Computer Says No: UK Police Force Using Algorithm to Decide if Burglaries Worth Investigating


Burglaries in the United Kingdom — which are much more likely to take place while the residents are at home than in the U.S., as Britons may not keep arms for home defence — have surged in recent years, with fewer and fewer resulting in any meaningful police action as resources shrink and focus shifts to new priorities such as ‘hate incidents’.

Now the burglary ‘detection’ rate — which is already a mere 3 percent, having halved from an already low 6 percent since 2013 — looks set to decline even further with police in Norfolk trialling a computer algorithm which recommends whether or not a break-in is worth investigating.

According to the Mail on Sunday, police are “simply closing cases after the machine calculates the chances of making an arrest and recovering treasured stolen goods” without doing any detailed detective work, without victims being told what has happened.


“The fact that a police force would even consider this approach to investigating serious crimes such as burglary is a gross insult to the victims,” commented a spokesman for the UK Independence Party (UKIP). “The duty of the police is to serve and protect people and property.”

Norfolk Constabulary claimed the story was “inaccurate” as a staffer could, in theory, decide to override the algorithm’s decision and conduct further enquiries.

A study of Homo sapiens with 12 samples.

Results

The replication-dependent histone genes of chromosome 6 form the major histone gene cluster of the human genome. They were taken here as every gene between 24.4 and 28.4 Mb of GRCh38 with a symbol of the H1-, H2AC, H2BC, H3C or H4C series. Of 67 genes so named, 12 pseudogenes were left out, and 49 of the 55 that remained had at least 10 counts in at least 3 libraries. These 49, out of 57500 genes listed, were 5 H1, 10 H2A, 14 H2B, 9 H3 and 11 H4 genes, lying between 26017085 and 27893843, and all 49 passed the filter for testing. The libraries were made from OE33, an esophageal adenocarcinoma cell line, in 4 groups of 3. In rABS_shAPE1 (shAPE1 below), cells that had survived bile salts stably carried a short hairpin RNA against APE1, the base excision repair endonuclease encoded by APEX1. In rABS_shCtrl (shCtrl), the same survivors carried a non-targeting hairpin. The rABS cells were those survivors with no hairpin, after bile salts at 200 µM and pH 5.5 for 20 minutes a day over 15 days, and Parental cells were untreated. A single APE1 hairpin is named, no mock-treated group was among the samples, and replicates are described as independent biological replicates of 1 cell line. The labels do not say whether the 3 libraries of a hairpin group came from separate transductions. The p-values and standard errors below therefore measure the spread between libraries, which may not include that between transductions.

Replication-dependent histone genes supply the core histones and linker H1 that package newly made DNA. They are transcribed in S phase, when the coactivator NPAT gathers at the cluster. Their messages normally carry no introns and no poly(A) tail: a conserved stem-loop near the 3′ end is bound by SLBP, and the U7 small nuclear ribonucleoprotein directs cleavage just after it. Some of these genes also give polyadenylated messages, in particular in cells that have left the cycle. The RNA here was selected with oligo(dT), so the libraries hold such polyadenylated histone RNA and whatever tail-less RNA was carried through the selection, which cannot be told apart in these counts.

“Using the analysis of thousands of burglary cases in Norfolk, the algorithm is based on 29 factors including solvability, against which each burglary incident is assessed. This generates a recommendation on whether the case should then be allocated for further enquiries,” the force said.

“However, all cases including those in the trial, are still overseen by members of the Norfolk Investigation Management Unit and the recommendations made by the algorithm can and will be overridden if the member of staff feels there are further enquiries which need to be conducted.”

How often this has actually happened in practice is not disclosed, however.

Burglaries in the force area rose 10 percent in the year to March, with Home Office figures showing that only five out of 99 recent burglaries resulted in charges.